If things are not bad enough with the United States and China in the issue of technological dominance, the former is taking the issue a notch higher when it take steps that seek to block off Huawei’s essential hardware demand.
As per the US Department of Commerce amended export rule, Huawei is being prevented from accessing semiconductors that directly derive or produce from “certain US software and technology.”
The initiative comes in light with the still ongoing inclusion of Huawei to the alleged “entity list,” which essentially prohibits US companies from dealing with the world’s biggest telecomm hardware producer concerning both hardware and software.
Huawei’s “entity list” status is currently extended to last until 2021. Despite the ban, Huawei tried to circumvent the sanction by buying from different producers that essentially make use of US technology.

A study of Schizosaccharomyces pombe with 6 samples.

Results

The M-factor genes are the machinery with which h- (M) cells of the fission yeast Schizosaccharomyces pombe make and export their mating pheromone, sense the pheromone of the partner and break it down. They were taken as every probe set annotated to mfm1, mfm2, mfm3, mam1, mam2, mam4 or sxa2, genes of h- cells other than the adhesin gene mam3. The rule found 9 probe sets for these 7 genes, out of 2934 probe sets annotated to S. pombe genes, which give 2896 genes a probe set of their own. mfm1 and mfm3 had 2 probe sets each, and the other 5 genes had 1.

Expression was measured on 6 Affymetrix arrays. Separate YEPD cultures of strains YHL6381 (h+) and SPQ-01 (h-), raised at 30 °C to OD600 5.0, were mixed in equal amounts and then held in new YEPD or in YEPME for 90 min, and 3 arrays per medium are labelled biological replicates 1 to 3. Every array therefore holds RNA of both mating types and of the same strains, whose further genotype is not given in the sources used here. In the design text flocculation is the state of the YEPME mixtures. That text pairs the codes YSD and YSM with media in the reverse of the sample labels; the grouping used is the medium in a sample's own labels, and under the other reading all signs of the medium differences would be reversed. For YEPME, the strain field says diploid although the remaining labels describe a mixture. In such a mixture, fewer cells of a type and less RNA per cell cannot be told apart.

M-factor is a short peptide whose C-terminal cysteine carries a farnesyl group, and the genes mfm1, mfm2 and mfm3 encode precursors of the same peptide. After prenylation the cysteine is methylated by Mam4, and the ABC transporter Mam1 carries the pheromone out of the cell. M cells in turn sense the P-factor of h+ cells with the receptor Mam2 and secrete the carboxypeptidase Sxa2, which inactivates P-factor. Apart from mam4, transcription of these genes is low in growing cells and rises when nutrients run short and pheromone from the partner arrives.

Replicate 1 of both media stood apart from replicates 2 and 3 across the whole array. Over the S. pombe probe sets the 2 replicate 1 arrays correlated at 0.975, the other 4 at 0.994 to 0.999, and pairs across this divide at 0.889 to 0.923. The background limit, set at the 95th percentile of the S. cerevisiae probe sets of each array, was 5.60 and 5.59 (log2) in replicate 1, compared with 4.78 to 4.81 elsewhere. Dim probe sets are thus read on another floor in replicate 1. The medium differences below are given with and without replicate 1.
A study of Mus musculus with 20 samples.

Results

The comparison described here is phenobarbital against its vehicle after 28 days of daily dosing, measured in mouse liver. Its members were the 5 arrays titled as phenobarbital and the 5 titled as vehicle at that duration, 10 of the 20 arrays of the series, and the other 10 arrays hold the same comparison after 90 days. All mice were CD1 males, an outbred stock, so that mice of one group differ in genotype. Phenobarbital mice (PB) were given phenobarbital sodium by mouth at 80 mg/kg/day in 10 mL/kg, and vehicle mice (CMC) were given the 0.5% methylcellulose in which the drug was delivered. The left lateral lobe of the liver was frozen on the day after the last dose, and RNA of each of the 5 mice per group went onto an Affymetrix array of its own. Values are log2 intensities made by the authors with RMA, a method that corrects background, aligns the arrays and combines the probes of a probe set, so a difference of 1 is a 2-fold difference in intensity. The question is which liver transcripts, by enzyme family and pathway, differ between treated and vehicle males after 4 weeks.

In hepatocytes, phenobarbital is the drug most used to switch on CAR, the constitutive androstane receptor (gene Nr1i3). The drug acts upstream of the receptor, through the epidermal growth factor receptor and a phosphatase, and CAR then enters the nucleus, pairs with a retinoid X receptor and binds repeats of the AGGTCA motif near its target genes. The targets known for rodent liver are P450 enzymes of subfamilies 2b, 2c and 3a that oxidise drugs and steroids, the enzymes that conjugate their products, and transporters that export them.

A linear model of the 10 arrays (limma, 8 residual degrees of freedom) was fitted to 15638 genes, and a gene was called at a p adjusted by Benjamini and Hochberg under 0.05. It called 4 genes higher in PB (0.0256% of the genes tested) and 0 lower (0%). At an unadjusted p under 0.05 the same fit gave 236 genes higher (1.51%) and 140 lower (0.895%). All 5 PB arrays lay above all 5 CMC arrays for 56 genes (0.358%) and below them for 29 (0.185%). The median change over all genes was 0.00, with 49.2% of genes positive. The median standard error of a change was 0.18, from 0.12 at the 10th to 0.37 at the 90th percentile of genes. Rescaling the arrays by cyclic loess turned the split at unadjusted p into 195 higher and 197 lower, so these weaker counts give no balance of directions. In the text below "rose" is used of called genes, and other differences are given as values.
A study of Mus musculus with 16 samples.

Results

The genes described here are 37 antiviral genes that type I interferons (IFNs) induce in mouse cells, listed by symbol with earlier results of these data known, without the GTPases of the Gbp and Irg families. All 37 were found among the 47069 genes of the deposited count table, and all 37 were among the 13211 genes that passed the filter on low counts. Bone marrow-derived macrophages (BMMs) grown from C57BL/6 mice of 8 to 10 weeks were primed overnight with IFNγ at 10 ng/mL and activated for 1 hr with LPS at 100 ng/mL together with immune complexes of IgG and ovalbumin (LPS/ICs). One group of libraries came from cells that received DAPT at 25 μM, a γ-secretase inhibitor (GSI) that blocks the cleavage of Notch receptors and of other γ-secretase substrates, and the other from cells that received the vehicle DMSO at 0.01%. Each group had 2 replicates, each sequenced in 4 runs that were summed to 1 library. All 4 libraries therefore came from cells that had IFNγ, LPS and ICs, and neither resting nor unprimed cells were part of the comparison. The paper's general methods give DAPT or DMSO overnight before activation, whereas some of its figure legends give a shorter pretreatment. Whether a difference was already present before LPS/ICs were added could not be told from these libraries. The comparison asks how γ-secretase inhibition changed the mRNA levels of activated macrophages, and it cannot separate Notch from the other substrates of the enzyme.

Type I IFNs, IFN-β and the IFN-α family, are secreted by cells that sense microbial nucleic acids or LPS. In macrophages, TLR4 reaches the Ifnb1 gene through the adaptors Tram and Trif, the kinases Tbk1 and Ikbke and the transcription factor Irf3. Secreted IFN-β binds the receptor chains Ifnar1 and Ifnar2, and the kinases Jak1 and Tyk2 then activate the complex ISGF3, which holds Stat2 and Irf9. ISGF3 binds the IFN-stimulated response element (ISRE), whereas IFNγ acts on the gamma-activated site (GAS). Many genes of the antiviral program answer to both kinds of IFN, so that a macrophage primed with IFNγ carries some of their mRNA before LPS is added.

To counter this “loophole,” Washington is tightening its grip against the Chinese company by imposing a mandatory license from those aforementioned foreign companies before they would be “allowed” to deal with Huawei and its affiliates.
TSMC shares entrepreneurial ties with China over the production of chips via HiSilicon. HiSilicon is Huawei’s supplier of chips used for the company’s products, including the Honor phones and telecom equipment.
Along with the Taiwan Semiconductor Manufacturing Company, as many as 114 companies are expected to be affected as the new rule comes into effect. This is especially knowing that these many companies were effectively banned by the US, citing national security concerns.
In response, China is threatening the United States by putting pressure on US companies that rely on the country’s space and factories, namely Apple, CISCO, and Qualcomm. Furthermore, the communist country is also likely to suspend its acquisition of BOEING planes.
Making matters significantly worse for those that will affected by China’s restrictions is the Washington’s threat to impose additional taxes to US companies that operate their production abroad.